Walmart Sells $6 Billion Of Debt As Battle With Amazon Heats Up
Walmart Stores has sold bonds to refinance debt as it girds for an online battle against Amazon.
The world’s largest retailer issued $6 billion of unsecured bonds in six parts, according to a person with knowledge of the matter, after cutting a three-year floating rate note from the offering.
The longest portion, a 30-year security, yields 75 basis points, or 0.75 percentage point above Treasuries, down from initial talk of around 95 basis points, said the person, who asked not to be identified because the deal is private.
Walmart has posted 12 straight quarters of same-store sales growth in the US thanks to improvements it made to clean up stores and inventory, along with an online push under e-commerce chief Marc Lore to catch up with Amazon.
The company said Tuesday that US web sales will grow 40% next year. The forecast, along with a $20 billion share buyback, lifted the shares to their biggest gain in more than a year.
The proceeds will help retire up to $8.5 billion of securities in a tender offer, which range in maturities from 2019 to 2044, according to an October 6 statement.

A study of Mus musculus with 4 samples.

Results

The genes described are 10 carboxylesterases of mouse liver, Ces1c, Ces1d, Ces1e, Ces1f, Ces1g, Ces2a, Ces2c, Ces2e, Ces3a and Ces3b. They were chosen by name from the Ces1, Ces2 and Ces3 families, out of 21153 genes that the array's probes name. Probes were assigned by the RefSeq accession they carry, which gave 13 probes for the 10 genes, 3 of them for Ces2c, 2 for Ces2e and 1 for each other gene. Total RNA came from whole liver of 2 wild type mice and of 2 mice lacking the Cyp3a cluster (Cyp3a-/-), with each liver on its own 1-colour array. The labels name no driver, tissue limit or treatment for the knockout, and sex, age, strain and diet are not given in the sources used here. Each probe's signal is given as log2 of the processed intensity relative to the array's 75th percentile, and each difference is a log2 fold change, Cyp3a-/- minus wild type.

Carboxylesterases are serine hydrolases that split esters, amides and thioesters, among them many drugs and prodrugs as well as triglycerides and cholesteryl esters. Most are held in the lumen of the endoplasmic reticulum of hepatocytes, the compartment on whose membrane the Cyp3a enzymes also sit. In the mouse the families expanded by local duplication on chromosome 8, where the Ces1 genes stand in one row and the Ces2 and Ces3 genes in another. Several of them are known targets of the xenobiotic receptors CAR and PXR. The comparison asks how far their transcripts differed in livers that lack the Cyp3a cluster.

Fitch Ratings rated the debt AA with a stable outlook. “Walmart is improving the in-store experience while deepening its digital relationship with customers due to the increasingly competitive landscape and shifting consumer buying habits,” Fitch analyst Carla Taylor said in a report Wednesday.
Barclays Plc, Citigroup Inc., Morgan Stanley, HSBC Securities Inc., JPMorgan Chase & Co. and Mizuho Financial Group Inc. managed the bond sale, Bentonville, Arkansas-based Walmart said in a filing Wednesday.
Some of the world’s biggest companies have done similar transactions in anticipation of possible tax-law changes. By buying back bonds now that trade at prices above their maturity values, companies are essentially pre-paying interest, which they can deduct from their income while tax rates are still high.
That will prove wise if tax rates end up falling, reducing the value of the deduction, or if the deduction ends altogether, both of which have been proposed by Republican lawmakers.